Faut pas Rêver

  • Sandrine et Patrick pour France Televisions

End of five days of shooting with Sandrine Leonardelli and Patrick Méheut for Faut pas rêver program on French TV. A documentary film about collecting clams diving under the ice will air next winter on France 3!

Polar bear and first CTD

  • Premiere CTD pour GreenEdge
  • Ours dechire la tente du camp de glace

A polar bear visited the ice camp and slightly ripped the tent! Some repellent added to the ropes should now be enough when nobody is at the camp...

First CTD profile today. The data indicate that the planktonic activity is still very low, we are not late for GreenEdge.

Start a new scientific season on the ice

  • Mise en place des sondes de temperatures dans la glace
  • Eric perce les 4 blocs
  • Montage armature tente
  • Installation bouee oceanographique a travers banquise mince
  • Equipe construction camp de la tente GreenEdge

For two weeks, scientific projects have been getting real! Instruments and a lot of equipment are constantly arriving. Already three small planes were chartered by Takuvik for GreenEdge program, only to carry cargo from Quebec. Canada Post and scheduled flights to Qikiqtarjuaq are also very much used. Thus came two new snowmobiles, that needed to be prepared and broke in; here are four in total for GreenEdge.

We welcomed the first team on March 15th: Flavienne, CJ, Guislain, José and Jean-Jacques. Time to meet everyone and to set up in the little town, we were heading to the ice camp, 30 minutes south of Broughton Island by snowmobile. First the main hole, made using an auger, then a solid floor all around, and then a large tent on top. Then delivering a cabin to the site, installing heaters and a complete power network... The base camp is in the village of Qikiqtarjuaq. As well as the laboratory, which is no other than the Inuksuit school, beautiful, available for GreenEdge researchers, which also develop an educational program throughout the mission.

A few days earlier, came our inseparable icemeter (EM31) that was sent by Christian Haas from Toronto. Just in time to do some tests and then measure the thickness of sea ice in the area, especially in the area chosen for GreenEdge ice camp. Finally, the distance criteria from the coast, sea ice state, access and water depth took us to the same location than last year.

The day before the arrival of the first team, during a nice and long family day on the ice, the weather mast was installed, with its thirty temperature sensors (from air to sea via snow and ice), at the exact same place than in 2014.

Saturday, I drilled a hole not too far from Vagabond, in a quite thin ice area (50cm), to deploy an Oceanetic buoy from Fisheries and Oceans for Ocean Networks Canada (see the buoy live data).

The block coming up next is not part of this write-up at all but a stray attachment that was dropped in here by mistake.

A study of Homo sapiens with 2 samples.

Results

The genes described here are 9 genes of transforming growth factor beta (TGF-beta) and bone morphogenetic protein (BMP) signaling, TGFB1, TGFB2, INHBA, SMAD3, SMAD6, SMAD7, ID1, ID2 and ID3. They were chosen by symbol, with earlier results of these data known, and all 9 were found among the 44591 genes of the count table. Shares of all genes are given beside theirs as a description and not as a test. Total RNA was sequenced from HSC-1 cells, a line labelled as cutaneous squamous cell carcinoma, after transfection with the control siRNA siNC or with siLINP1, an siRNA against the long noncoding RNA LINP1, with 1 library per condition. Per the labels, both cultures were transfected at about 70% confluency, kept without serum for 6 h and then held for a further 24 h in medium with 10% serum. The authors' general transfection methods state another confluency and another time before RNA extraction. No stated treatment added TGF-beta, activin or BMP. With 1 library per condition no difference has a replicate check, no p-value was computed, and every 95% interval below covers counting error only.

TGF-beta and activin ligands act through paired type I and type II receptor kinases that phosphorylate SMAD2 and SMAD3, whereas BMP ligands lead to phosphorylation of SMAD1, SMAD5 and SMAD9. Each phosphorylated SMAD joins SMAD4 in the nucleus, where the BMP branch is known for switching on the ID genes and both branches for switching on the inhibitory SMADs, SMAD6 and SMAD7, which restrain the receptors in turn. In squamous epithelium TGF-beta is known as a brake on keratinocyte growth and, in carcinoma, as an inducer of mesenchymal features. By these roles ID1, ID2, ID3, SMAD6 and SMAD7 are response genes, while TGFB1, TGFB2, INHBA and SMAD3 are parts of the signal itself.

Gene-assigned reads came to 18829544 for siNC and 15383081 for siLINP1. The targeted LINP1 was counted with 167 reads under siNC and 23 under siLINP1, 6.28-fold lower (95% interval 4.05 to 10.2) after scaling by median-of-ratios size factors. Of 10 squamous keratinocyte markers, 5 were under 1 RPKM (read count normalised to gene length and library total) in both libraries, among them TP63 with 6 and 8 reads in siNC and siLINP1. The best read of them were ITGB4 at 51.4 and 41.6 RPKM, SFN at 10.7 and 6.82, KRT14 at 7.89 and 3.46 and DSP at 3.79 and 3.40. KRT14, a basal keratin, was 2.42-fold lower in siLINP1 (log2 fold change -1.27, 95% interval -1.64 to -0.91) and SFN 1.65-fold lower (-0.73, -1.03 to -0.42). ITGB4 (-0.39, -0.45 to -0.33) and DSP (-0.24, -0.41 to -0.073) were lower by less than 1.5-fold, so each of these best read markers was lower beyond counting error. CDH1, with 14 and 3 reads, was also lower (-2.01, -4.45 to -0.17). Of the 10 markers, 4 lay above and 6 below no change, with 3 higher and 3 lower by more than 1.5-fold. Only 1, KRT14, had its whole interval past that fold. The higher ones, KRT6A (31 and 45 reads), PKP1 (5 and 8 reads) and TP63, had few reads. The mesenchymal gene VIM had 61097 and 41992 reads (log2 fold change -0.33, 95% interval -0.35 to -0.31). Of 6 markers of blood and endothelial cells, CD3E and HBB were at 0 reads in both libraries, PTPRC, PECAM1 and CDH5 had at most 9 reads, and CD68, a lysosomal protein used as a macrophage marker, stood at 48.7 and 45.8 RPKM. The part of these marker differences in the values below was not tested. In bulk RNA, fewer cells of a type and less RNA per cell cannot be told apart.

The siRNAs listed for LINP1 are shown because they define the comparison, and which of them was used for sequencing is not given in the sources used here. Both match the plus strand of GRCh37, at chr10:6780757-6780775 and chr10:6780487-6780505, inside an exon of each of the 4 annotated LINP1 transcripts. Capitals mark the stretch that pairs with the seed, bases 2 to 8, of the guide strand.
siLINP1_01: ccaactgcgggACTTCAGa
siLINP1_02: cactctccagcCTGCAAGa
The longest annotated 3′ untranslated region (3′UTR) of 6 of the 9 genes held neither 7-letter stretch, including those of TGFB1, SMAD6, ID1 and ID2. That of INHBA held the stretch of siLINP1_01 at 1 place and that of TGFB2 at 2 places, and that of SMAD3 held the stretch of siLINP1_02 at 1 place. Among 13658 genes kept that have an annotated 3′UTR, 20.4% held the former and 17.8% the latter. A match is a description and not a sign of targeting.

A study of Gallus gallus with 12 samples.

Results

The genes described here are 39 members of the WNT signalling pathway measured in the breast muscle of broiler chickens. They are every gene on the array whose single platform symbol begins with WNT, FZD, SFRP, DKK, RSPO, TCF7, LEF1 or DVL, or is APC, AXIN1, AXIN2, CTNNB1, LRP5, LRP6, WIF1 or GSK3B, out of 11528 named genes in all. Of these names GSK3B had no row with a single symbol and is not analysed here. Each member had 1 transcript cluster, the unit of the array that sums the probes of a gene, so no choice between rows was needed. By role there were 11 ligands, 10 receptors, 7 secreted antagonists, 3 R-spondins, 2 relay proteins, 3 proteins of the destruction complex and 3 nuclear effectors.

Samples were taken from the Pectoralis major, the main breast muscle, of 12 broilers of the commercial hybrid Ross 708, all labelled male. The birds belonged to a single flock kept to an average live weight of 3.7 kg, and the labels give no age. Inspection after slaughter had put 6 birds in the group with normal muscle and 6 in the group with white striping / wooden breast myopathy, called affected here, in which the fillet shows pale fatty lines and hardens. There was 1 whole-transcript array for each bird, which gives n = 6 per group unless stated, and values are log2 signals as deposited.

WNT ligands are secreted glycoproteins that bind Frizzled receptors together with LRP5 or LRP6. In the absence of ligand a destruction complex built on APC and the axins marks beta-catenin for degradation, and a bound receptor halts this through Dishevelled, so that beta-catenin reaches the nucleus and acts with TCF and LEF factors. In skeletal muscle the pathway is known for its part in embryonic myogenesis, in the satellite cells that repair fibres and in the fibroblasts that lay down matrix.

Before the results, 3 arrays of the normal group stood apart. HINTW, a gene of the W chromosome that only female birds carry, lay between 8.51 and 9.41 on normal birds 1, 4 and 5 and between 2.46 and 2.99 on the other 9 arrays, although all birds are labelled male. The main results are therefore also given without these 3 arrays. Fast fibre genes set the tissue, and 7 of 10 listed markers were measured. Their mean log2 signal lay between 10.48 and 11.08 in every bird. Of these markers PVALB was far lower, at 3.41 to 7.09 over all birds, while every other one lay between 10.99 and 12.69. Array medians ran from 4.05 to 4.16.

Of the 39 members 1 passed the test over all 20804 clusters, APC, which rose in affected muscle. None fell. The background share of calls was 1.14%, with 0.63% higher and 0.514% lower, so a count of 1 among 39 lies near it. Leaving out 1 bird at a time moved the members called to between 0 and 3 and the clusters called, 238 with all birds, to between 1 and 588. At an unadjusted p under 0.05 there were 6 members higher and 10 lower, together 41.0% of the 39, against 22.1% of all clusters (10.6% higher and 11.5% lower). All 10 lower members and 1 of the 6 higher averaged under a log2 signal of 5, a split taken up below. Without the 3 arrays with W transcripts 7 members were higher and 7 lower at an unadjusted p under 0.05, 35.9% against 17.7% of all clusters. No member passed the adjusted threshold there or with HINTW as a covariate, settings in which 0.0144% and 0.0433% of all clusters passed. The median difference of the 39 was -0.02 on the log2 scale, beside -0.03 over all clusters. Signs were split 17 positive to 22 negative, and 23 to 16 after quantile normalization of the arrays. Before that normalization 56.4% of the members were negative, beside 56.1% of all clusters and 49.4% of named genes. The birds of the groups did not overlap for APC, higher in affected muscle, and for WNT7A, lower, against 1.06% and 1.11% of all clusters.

Sunday, with the whole team, we rode a small summit south of Broughton Island. Like last year, a camera will monitor the melting and breaking-up period, every half hour until August (timelapse). The ice camp is in the middle of the picture!

v The sea ice around Vagabond now exceeds one meter thick, slightly less that a year ago at the same time. Luckily for the team setting up the ice camp, temperatures are 15 to 20°C higher since mid-March!

To follow the GreenEdge project, also read the blog.

Before scientific field work high season

  • Intrigues par le bruit des bulles de Bubble Lake
  • Belle brise pour kiter

Beautiful kiting day for France and me yesterday (Friday 13th!), near Vagabond. It's not every day that the wind setup at 20 knots! Most of the time, the weather here is nice and quiet, so we don't want to miss such an opportunity.

Skis and skins took us out to some nice tours, joyful runs, and Leonie's first summit.

During a picnic at nearby Bubble Lake, stunned by the sound of bubbles under the ice (probably methane), we collected fresh water, clear and pure. Bubbles are slowing down the ice growth, and it is quite easy to access water. Villagers often come to get drinking water. A polar bear has also been there not long before us!

Two evenings per week in March, Lisa teaches Inuktitut for beginners!

On March 8th, Women's Day, Becky Kilabuk and Emily Karpik came to teach throat singing to Qikiqtarjuaq students, and they gave us some explanations and a nice rehearsal session.

A small igloo was born next to Vagabond, lying under the numerous northern lights.

Around Baffin Island

  • Depart de Qik pour Sarah et Erik

Sarah McNair-Landry and Erik Boomer came to visit us on board: exciting evening! We were delighted to meet Sarah, and to see Erik again (we met him in August 2011 in Grise Fiord after he circumnavigated Ellesmere Island by kayak. Launched today in a great journey of 4000km in 4 months around Baffin Island with their 13 dogs, they stopped in Qikiqtarjuaq before heading further north. They should gradually catch up with Jamie and Benno (map), Alex team-mates now by themselves since his accident (blog).

It's great to see these expeditions passing by!